Setting Binary Options Trading Goals
If you’re trading binary options because you’re serious about investing (as opposed to trading binary options for entertainment), you need to learn how to set goals. There are goals that sound smart but which actually aren’t. One example would be something like this: “I want to turn $100 into $1000 in two to four weeks.” We actually took that statement from an advertisement we saw for an eBook with a trading strategy. It sounds like a smart goal, because the idea is of course to make money, and setting deadlines is usually helpful when you set goals. So why isn’t this a good example of a goal for trading binary options?
Rushing Is A Problem
The problem with goals like this is that they compel you to rush in a business you absolutely cannot rush in. If you’re going to trade binary options successfully, it’s all about waiting for the very best binary options trade setups. You have to come up with a strategy with clear entry and exit criteria, and then you have to follow those criteria diligently. That means taking only A+ trade setups, and skipping over tempting B setups. If you’re in a hurry to turn your $100 into $1000 in two to four weeks, what do you think you’ll do when you see a less than perfect trade setup? You may well think, “I’m on my third week now, and I only have $500. No way I’ll get to $1000 if I don’t take this setup!” And then you’ll trade on a less that ideal setup and you’ll probably lose money doing it. You have to test, and you have to test plenty. You can learn more here.
Traders do this with long-term goals too. For example, you’ve probably already sat down and done this routine. “I have $100 right now. So if I invest it and do X number of trades per week and I win 85% on each of my trades and I win all of them, that means in X number of years I’ll have $1,000,000!” It’s not that you shouldn’t think that; you probably wouldn’t be human if you didn’t. Once you have, however, it’s best to set it aside, put it in the back of your mind, and trade with other goals that might actually get you somewhere near that million someday. Remember that you don’t live in a faultless, perfect universe and that you’re not going to win every trade. Even if you have an amazing win percentage, you’re still going to lose regularly and the house edge is pretty severe … so it’s best to think about how you can counteract the factors that can make you lose.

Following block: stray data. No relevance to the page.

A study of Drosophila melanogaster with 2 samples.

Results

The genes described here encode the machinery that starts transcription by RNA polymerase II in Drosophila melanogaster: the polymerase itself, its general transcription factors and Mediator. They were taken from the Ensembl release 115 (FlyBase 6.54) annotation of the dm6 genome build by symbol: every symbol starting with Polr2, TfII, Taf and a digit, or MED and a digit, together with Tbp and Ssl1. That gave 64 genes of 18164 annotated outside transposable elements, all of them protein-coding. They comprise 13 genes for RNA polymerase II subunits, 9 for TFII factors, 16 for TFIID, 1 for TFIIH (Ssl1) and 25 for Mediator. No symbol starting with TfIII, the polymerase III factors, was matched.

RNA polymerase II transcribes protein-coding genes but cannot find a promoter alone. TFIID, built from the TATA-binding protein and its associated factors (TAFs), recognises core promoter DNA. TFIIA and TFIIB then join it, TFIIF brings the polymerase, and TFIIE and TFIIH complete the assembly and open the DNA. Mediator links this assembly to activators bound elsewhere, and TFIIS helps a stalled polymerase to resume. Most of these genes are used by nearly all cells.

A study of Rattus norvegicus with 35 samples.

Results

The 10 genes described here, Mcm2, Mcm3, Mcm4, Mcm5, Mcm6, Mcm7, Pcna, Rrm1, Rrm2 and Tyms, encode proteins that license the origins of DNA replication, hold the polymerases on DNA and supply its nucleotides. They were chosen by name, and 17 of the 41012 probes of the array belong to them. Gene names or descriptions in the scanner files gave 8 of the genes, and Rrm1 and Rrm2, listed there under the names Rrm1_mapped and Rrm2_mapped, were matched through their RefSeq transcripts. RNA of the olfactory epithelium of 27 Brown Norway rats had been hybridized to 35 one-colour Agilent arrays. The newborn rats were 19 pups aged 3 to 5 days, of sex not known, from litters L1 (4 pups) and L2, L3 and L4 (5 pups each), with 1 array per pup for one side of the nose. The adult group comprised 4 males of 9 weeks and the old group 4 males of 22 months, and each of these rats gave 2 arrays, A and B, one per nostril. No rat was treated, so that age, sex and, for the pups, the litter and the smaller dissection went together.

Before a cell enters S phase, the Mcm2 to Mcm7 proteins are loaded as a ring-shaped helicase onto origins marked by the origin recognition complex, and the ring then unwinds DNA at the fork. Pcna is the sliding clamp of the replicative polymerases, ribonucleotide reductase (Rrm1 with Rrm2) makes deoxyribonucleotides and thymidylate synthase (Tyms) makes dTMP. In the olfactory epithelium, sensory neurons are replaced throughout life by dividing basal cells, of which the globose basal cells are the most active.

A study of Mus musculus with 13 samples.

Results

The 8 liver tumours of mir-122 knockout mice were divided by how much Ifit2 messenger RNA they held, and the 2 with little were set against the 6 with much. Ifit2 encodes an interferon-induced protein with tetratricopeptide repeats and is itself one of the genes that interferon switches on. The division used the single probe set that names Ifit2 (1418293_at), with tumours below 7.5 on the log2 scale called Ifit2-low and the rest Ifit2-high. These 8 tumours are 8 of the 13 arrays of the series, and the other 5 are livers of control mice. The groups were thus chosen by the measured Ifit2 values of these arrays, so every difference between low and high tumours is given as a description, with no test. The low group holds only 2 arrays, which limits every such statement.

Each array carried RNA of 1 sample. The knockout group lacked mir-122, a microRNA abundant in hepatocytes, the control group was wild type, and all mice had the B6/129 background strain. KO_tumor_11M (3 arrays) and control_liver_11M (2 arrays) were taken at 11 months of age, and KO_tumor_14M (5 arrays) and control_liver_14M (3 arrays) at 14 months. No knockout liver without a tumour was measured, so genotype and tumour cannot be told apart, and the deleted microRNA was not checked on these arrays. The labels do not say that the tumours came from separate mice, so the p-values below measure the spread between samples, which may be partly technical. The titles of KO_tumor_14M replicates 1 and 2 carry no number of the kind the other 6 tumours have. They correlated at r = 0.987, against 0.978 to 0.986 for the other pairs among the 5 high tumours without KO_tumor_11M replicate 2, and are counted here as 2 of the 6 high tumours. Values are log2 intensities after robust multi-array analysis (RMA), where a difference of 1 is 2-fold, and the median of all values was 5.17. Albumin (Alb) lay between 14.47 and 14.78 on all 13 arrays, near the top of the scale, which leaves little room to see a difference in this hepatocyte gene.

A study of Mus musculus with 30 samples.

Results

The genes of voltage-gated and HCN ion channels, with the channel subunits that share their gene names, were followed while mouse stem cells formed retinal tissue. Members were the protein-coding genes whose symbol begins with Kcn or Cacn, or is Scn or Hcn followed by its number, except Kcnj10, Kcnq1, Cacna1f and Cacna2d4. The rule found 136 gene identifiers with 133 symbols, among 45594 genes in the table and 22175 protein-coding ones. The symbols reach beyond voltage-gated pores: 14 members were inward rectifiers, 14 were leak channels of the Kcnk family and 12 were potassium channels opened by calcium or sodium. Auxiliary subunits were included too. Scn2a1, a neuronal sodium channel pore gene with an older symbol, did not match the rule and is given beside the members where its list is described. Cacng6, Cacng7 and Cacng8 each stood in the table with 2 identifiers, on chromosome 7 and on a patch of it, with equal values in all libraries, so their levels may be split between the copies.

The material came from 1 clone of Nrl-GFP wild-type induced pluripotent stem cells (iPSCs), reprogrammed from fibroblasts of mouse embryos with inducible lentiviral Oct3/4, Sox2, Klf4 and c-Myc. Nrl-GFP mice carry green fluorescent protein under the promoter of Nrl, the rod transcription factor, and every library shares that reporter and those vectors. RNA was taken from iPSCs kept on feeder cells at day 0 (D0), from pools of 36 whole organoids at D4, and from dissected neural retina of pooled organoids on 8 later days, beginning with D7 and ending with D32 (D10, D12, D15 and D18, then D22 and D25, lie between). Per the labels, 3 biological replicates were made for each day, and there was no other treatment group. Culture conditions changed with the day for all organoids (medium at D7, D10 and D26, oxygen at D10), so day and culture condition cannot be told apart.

What Is A Useful Goal?
What are some examples of more useful goals you can set as a trader?
- Some of your goals can concern your trading statistics. You might for example do back tests with the goal of achieving a win percentage that’s around 85% (that’s very high as far as achievable realities go—you’re not going to achieve something like 95-100% in real life). You could aim to make your average win larger than your average loss at the same time (relevant if you use rollover or double up features or you do early close on trades going against you).
- Your goals can also relate to your trading psychology. You can make it your business to become a more disciplined person through your trading, and to learn how to deal with extreme emotions. You can make it your objective to excel at money management and to learn how to budget. You can decide your goal is to learn how to balance trading with the rest of your life. Patience is another quality you can focus on cultivating. And setting unrealistic or inflexible deadlines isn’t going to help you to build up patience. Using great character traits will help bring success.
All of these objectives which relate to psychology or trading methodology will be more helpful over the long term than a goal like “I want to be a millionaire in five years!” We all want to be millionaires or better—but wanting something isn’t by itself a strategy for getting it. It’s what you do in the meantime and how you do it that’s going to make a difference in whether you might get what you want—not the fact that you want it.